Old Tooling Movement

Doug Gosha Mar 19, 2015

  1. Doug Gosha

    Doug Gosha TrainBoard Member


    It has long been thought or known that the tooling for the original MRC Berkshire ended up with Rivarossi after Rowa went out of business. The Berk, of course, has the same tender and today, while I had the rear truck off the Pacific tender, I saw, in faint outline, "Made in Germany" on the tender bottom right in the same place as the full relief lettering on the bottom of my Berk tender - proof that the same tooling did, indeed go to Rivarossi.

    The shell is the same right down to the coal lump shapes. The only things Rivarossi changed were to add a separate ladder on the back where it was molded in on the Rowa, change the peg on the front to a drawber as the arrangement is reversed on the Riv compared to the Rowa Berk, and thicken the railings around the rear of the shell. They must have reasoned the thinner rails of the Rowa mold were too breakable.

    I wonder if the tooling is at Hornby now.

    Doug
     
  2. nickelplate759

    nickelplate759 TrainBoard Member



    George.
     
  3. BoxcabE50

    BoxcabE50 HOn30 & N Scales Staff Member TrainBoard Supporter

     
  4. Backshop

    Backshop TrainBoard Member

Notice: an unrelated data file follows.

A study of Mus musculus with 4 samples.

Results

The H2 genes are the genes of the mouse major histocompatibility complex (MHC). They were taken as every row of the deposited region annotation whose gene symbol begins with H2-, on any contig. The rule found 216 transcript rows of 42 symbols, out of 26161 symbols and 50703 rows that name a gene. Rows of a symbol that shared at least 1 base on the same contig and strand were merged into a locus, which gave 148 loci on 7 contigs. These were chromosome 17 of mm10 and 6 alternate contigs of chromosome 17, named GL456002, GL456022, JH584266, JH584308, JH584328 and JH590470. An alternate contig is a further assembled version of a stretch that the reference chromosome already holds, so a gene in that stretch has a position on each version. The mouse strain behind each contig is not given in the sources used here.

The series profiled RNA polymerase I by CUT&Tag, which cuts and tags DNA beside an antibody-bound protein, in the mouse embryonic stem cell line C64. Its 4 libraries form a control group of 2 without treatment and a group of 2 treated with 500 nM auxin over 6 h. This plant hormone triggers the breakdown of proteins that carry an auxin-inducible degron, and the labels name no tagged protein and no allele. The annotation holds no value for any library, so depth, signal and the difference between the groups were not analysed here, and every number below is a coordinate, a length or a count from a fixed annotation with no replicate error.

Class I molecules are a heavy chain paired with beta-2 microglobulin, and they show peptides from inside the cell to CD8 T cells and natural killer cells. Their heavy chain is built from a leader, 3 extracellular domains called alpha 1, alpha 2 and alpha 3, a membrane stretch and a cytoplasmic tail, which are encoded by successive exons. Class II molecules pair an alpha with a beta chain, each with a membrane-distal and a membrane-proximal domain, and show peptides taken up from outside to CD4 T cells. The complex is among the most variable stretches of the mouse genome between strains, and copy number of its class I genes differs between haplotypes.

5. papahnash

    papahnash TrainBoard Member

     
  6. Doug Gosha

    Doug Gosha TrainBoard Member


    Second, it is an excellent steamer when in good condition. Something which is lost on many. They will take an old locomotive and expect it to run like new with no attention.

    So, please hold off on showing off about how much you know about N scale locomotives.

    Doug
     
  7. cf7

    cf7 TrainBoard Member


    Like Doug, I love these things. Brings back memories.
     
  8. John Moore

    John Moore TrainBoard Supporter

     
  9. papahnash

    papahnash TrainBoard Member

    I have wanted a J1e Hudson since I got back into model railroading in 2006. Being from Upstate NY I used to watch them pass through the Syracuse area as a kid.
    I bought 3 and tried to convert them to DCC to operate on my layout. I'm sure with enough patience and time they could be made to work. After much time and effort I couldn't come up with what I wanted in that locomotive so I chose not to continue.
    More power to you in your quest for an early Berk.

    Harold
     
  10. papahnash

    papahnash TrainBoard Member


    Harold
     
  11. nickelplate759

    nickelplate759 TrainBoard Member


    George
     
  12. JMaurer1

    JMaurer1 TrainBoard Member

    :cute:
     
  13. steamghost

    steamghost TrainBoard Member


    I fear that the tooling may no longer exist. There was a problem with finding all the tooling with the sale of Riv to Hornby, as there always is in finding old tooling. It might not be in the hands of the builder but one of their subcontractors, who themselves may not even be in business anymore. The plastic mold can be lost in some general storage area, with parts of it in different places. The old body mold may or may not fit current injection molding machines. Then again, it might be sitting on the boss's desk at Hornby with the thought that some new steam is needed in N.